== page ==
The Failed Strategy
Most of the people who persist in the wilderness leave nothing behind but bleached hones.
When a strategy or an action doesn’t seem to be working, the rule is, “If at first you don’t succeed, try once more. Then do something else.” The first time around, a new strategy very often doesn’t work. Then one must sit down and ask what has been learned. Maybe the service isn’t quite right. Try to improve it, to change it, and make another major effort. Maybe, though I am reluctant to encourage this, you might make a third effort. After that, go to work where the results are. There is only so much time and so many resources, and there is so much work to be done.
There are exceptions. You can see some great achievements where people labored in the wilderness for twenty-five years. But these examples are very rare. Most of the people who persist in the wilderness leave nothing behind but bleached bones. There are also true believers who are dedicated to a cause where success, failure, and results are irrelevant, and we need such people. They are our conscience. But very few of them achieve. Maybe their rewards are in Heaven. But that’s not sure either. “There is no joy in Heaven over empty churches,” Saint Augustine wrote sixteen hundred years ago to one of his monks who busily built churches all over the desert. So, if you have no results, try a second time. Then look at it carefully and move on to something else.
Strategic planning deals with futurity of present decisions.
Traditional planning asks: “What is most likely to happen?” Planning for uncertainty asks, instead: “What has already happened that will create the future?
Strategic planning is not a box of tricks, a bundle of techniques. It is analytical thinking and commitment of resources to action. It is the continuous process of making present entrepreneurial decisions systematically and with the greatest knowledge of their futurity, organizing systematically the efforts needed to carry out these decisions, and measuring the results of these decisions against the expectations through organized, systematic feed-back. The question that faces the strategic decision-maker is not what his organization should do tomorrow. It is: “What do we have to do today to be ready for an uncertain tomorrow?” The question is not what will happen in the future. It is” “What futurity do we have to build into our present thinking and doing, what time spans do we have to consider, and how do we use this information to make a rational decision now?”
In looking for a husband for your daughter, says an old proverb, don’t ask: “Who’ll make the best husband for her?” Ask instead: “For which kind of a man would she make a good wife?”
Divestment is a “marketing” rather than a “selling” problem. The question is not: “What do we want to sell and for how much?” It is: “For whom is this venture ‘value’ and under what conditions?” The salient point if finding the potential buyer for whom what is misfit to the seller is a perfect, the buyer to whom the venture to be sold offers the best opportunity or solves the worst problem. This is then also the buyer who will pay the most.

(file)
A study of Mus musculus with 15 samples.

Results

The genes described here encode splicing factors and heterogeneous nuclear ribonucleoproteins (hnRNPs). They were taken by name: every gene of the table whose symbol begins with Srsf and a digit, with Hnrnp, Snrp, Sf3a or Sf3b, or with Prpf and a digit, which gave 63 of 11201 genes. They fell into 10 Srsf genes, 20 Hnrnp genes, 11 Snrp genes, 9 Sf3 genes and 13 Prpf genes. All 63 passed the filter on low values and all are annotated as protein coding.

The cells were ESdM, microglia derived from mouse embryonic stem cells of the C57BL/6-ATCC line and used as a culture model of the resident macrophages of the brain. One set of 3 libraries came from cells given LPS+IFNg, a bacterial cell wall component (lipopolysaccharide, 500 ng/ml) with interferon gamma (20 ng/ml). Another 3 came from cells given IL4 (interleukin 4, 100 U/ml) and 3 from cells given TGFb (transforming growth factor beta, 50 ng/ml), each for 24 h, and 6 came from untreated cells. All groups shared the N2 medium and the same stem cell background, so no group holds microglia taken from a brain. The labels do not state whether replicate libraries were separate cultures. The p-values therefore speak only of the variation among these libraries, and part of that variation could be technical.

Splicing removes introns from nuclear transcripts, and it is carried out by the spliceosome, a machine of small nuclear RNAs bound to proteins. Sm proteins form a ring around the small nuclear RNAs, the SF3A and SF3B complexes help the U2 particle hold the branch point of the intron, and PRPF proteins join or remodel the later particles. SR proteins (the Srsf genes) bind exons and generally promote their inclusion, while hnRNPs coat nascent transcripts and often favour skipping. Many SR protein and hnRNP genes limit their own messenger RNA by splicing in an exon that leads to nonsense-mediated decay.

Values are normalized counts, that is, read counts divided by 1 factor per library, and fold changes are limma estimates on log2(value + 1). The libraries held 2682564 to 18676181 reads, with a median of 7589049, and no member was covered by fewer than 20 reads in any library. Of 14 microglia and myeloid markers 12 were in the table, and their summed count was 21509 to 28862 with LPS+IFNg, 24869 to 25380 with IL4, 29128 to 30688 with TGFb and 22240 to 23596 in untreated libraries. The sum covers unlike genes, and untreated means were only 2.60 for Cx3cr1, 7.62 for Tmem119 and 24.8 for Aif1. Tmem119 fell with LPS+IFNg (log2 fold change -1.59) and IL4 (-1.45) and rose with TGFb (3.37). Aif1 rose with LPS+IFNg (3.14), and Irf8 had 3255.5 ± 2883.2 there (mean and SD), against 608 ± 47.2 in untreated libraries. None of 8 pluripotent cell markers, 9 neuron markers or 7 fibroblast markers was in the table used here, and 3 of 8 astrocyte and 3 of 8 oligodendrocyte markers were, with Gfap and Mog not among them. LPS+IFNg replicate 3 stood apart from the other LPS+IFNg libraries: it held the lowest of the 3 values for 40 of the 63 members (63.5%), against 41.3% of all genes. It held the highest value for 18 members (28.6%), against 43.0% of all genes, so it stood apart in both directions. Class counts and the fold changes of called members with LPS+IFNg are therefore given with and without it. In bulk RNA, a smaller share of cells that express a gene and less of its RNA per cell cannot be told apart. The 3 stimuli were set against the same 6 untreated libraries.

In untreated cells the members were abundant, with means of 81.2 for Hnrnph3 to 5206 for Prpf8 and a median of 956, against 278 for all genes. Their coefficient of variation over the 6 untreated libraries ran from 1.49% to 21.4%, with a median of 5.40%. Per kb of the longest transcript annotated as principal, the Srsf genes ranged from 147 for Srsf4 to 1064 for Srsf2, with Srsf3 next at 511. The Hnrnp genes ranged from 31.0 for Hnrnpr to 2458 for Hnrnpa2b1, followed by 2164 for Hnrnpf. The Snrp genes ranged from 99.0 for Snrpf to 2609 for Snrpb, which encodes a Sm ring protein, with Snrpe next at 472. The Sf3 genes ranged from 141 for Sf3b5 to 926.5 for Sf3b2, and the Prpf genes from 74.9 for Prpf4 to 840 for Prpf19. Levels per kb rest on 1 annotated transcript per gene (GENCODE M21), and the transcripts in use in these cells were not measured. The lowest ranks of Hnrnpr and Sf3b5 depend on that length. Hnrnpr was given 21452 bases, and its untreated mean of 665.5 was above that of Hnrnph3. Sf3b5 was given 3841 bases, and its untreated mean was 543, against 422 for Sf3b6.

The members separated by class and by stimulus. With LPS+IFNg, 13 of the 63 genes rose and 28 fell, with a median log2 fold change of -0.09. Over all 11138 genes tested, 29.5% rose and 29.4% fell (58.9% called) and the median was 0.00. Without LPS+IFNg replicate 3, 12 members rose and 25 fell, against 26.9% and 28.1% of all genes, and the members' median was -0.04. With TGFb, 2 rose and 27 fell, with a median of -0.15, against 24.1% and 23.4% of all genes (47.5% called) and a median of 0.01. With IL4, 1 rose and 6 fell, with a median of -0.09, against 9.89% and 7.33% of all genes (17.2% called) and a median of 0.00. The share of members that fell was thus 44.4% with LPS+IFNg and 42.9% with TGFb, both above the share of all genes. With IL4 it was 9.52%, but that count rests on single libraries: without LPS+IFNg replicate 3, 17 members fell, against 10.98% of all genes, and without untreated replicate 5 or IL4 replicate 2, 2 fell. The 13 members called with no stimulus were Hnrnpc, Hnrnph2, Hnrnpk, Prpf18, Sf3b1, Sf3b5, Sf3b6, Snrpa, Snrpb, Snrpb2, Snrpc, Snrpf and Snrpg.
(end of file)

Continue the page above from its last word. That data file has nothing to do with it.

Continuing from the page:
A major printing company decided that a mass-circulation magazine it owned was at best a partial fit and should be sold. The magazine had been bought originally to hold its printing contract. They asked, “What is value to a magazine publishing company?” If it is a growing magazine company,” they answered, “its greatest need is cash. For a growing magazine requires heavy cash investments in building circulation for several years. “How can we supply this need of the potential buyer to our own advantage?” was the next question. And the answer was, “By giving him ninety days rather than the customary thirty days to pay his print and paper bill to our printing plants.” The printing company then rapidly found a publishing group that filled their requirements.
The work of the Manager
Managers can improve their performance by improving their performance of these constituent activities.
There are five basic operations in the work of the manager.
- Managers, in the first place, set objectives. They determine what the objectives should be. They determine what the goals in each area of objectives should be. They decide what to be done to reach these objectives. They make the objectives effective by communicating them to the people whose performance is needed to attain them.
- Second, managers organize. They analyze the activities, decisions and relations needed. They classify the work. They divide it into manageable activities and further divide the activities into manageable jobs. They group these units and jobs into an organization structure. They select people for the management of these units and for the jobs to be done.
- Next, managers motivate and communicate. They make a team out of the people who are responsible for various jobs.
- The fourth basic element in the work of the manager is measurement. The manager establishes yardsticks – and few factors are as important to the performance of the organization and of every person in it.
- Finally, managers develop people, including themselves.